One of the most famous military leaders in the history of Croatia was Nikola Šubić Zrinski (pronunciation: [nǐkɔla ʃûbitɕ zrîːɲskiː]), also known as Nikola IV Zrinski or Miklós IV Zrínyi. He held the position of the Ban of Croatia, a position equivalent to the head of state, military and judiciary of Croatia from 1542 until 1556, and was one of the most successful generals of the Kingdom of Croatia and the Habsburg Monarchy.
He earned prestige and trust of king Ferdinand I. in many battles, saving the king’s army from defeat in 1542 with his detachment of 400 Croatian soldiers at the siege of Pest (today’s Budapest).
He was immortalized in history and song for his heroic actions at the siege of Siget (Szigetvár), facing an Ottoman host roughly 100,000 strong, commanded by Suleiman the Magnificent. The Ottomans undertook to siege and subsequently assault the fortress of Siget in several waves, which was defended by Zrinski himself with a garrison of some 2,500 men of mostly Croatian soldiers and several other Croatian nobles.
Being repulsed numerous times, the Ottomans eventually succeeded in cornering the defenders and Zrinski in the old town of Siget, the third and final part of the fortress complex connected by causeways.
Suleiman the Magnificent would now live to see the end of the siege however, as he died in his tent and his death was kept secret until the final battle was over.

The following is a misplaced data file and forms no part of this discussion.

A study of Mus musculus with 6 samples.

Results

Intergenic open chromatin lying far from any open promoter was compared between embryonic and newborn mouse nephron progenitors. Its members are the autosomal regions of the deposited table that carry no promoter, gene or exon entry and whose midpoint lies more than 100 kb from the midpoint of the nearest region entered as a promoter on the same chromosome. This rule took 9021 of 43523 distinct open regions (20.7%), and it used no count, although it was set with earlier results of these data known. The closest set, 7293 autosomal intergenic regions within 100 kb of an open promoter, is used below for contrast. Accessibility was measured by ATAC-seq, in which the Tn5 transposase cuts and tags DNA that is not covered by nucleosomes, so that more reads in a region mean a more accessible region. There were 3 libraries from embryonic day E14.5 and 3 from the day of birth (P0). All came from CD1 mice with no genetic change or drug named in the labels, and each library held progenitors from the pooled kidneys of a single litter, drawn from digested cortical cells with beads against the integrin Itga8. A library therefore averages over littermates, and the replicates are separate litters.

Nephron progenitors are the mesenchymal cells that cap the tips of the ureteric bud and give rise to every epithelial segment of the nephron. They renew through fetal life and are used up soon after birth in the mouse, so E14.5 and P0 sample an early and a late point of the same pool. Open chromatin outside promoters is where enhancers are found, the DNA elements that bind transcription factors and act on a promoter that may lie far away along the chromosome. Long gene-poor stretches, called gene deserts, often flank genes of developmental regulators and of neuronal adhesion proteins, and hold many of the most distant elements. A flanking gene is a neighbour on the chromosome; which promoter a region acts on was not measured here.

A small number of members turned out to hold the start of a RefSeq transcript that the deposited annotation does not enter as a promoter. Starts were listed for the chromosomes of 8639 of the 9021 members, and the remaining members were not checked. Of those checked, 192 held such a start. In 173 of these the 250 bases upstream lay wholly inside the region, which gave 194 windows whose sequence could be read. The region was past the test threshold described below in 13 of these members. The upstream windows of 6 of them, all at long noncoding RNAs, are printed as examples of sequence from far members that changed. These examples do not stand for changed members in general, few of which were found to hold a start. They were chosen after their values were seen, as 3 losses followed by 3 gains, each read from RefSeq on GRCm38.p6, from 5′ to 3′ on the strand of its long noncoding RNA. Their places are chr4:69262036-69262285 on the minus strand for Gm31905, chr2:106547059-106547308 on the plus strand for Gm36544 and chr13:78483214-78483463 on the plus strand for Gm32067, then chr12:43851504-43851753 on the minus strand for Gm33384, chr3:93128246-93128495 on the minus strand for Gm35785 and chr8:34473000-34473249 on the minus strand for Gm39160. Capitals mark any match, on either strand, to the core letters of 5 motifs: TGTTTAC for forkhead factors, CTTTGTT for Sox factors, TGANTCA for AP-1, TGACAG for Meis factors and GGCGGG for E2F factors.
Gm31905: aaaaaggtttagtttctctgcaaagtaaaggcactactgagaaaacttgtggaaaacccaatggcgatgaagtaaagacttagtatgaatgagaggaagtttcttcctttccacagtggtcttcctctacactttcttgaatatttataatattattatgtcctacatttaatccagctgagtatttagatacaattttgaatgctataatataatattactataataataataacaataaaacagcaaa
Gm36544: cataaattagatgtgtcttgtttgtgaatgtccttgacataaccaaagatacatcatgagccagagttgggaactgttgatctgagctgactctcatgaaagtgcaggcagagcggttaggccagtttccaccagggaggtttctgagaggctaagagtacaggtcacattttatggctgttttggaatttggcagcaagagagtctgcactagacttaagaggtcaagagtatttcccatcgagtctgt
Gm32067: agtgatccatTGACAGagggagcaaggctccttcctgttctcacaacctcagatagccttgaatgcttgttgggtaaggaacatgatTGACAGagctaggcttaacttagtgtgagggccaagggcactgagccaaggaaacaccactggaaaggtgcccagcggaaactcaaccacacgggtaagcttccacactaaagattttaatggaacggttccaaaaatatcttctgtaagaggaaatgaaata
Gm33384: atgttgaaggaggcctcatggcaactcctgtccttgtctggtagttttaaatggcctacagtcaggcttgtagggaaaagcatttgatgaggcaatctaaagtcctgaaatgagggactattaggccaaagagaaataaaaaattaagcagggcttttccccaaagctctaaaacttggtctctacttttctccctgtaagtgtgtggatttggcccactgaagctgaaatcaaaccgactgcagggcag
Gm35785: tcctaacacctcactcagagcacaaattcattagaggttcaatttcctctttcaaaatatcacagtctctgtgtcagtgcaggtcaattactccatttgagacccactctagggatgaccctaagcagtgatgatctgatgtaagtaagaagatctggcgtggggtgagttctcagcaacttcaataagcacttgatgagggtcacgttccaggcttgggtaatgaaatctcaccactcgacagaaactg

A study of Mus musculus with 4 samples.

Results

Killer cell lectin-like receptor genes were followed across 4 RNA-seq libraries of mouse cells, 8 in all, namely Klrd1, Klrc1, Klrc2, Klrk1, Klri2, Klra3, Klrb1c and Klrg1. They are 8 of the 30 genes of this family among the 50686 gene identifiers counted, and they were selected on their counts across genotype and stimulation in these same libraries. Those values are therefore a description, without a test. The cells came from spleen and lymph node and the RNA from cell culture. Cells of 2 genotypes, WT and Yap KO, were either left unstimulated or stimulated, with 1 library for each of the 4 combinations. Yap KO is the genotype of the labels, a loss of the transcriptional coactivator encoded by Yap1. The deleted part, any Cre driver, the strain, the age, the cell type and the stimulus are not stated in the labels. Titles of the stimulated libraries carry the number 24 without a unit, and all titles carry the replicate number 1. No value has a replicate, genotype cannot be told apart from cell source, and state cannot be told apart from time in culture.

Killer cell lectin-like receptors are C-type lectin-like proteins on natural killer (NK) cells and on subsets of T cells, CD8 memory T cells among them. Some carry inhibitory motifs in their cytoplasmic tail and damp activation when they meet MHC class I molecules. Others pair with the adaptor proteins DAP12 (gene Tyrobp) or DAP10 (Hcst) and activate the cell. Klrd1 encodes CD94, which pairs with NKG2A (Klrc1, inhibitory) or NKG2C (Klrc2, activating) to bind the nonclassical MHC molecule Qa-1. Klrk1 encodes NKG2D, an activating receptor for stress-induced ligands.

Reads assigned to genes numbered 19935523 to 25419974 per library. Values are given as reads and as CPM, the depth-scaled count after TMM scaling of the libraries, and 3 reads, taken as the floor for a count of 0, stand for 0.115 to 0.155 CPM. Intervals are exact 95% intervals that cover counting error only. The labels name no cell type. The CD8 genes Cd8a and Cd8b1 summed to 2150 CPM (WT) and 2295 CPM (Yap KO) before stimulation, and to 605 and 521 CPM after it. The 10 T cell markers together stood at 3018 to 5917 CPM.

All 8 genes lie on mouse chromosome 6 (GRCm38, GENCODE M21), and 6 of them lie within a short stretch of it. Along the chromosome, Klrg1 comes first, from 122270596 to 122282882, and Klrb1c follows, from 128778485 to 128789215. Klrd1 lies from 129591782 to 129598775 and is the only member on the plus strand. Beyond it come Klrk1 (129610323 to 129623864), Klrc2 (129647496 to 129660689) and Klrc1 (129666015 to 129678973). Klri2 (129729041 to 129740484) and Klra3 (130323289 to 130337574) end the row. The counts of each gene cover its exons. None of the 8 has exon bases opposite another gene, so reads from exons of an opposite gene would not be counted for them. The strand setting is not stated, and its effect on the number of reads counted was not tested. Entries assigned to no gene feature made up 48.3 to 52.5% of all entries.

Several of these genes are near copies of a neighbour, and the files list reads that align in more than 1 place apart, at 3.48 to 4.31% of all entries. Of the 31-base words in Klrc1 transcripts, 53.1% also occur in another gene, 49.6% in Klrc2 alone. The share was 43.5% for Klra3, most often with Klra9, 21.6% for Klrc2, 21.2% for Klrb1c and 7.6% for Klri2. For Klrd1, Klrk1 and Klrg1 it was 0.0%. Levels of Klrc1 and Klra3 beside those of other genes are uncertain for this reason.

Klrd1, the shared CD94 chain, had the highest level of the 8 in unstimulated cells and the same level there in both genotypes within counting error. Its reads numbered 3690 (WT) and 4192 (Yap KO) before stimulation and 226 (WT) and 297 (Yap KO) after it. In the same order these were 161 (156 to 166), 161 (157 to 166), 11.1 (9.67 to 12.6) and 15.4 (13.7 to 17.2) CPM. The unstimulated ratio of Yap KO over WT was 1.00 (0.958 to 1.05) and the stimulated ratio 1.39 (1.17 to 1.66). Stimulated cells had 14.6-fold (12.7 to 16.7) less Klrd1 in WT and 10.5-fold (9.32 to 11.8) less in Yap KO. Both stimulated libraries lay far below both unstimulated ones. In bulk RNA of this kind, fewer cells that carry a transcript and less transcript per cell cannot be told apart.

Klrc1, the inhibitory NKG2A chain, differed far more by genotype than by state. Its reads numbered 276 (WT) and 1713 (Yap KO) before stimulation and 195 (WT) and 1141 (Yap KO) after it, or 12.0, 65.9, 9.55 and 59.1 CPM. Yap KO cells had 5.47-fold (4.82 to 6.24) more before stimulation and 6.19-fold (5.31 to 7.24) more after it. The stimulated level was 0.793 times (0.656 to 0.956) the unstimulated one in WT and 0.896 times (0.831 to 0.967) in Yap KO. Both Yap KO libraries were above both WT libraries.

The fortress was thoroughly destroyed by Ottoman bombardment during the month-long siege. Having only 600 men remaining, Zrinski refused to surrender to the Ottomans, who offered him to rule the Kingdom of Croatia in sultan’s name.
Instead, Zrinski ordered the men to light a slow match on the remaining gunpowder in the fortress magazine and assembled all soldiers for a final push out of the crumbling town. He mounted his horse, drew his saber and delivered a speech:
“Let us go out from this burning place into the open and stand up to our enemies. Who dies – he will be with God. Who dies not – his name will be honored. I will go first, and what I do, you do. And God is my witness – I will never leave you, my brothers and knights!”
He had the men fire a large mortar loaded with shrapnel onto the causeway, killing scores of Ottoman soldiers. He then charged out of the town onto the narrow bridge to meet some 80,000 remaining Ottoman soldiers, the rest of the defenders following his example. He fired his pistol and struck at the Ottomans with his saber, sustaining gunshots and arrow wounds which would kill him during the charge. Almost all of the defenders would be killed in the final battle as well, save few who escaped through the Ottoman lines or were captured.
Bursting into the old town, the Ottomans were met with the final wrath of the defenders, as a devastating explosion of the powder magazine reportedly killed up to 3,000 Ottoman soldiers. Due to heavy losses, lost time, and attrition the Ottomans subsequently abandoned their plans to continue on and siege Vienna.
The battle of Siget thus brought Zrinski fame throughout Europe and the rest of the world. He was immortalized in a famous Croatian opera bearing his name.
It is interesting to note that the Kwansei Gakuin University in Kobe, Japan, has selected the aria “U boj, u boj” from this opera as it’s official anthem. The aria gained popularity in Japan after being sung there by stranded Croatian sailors of the Austro-Hungarian navy in 1919.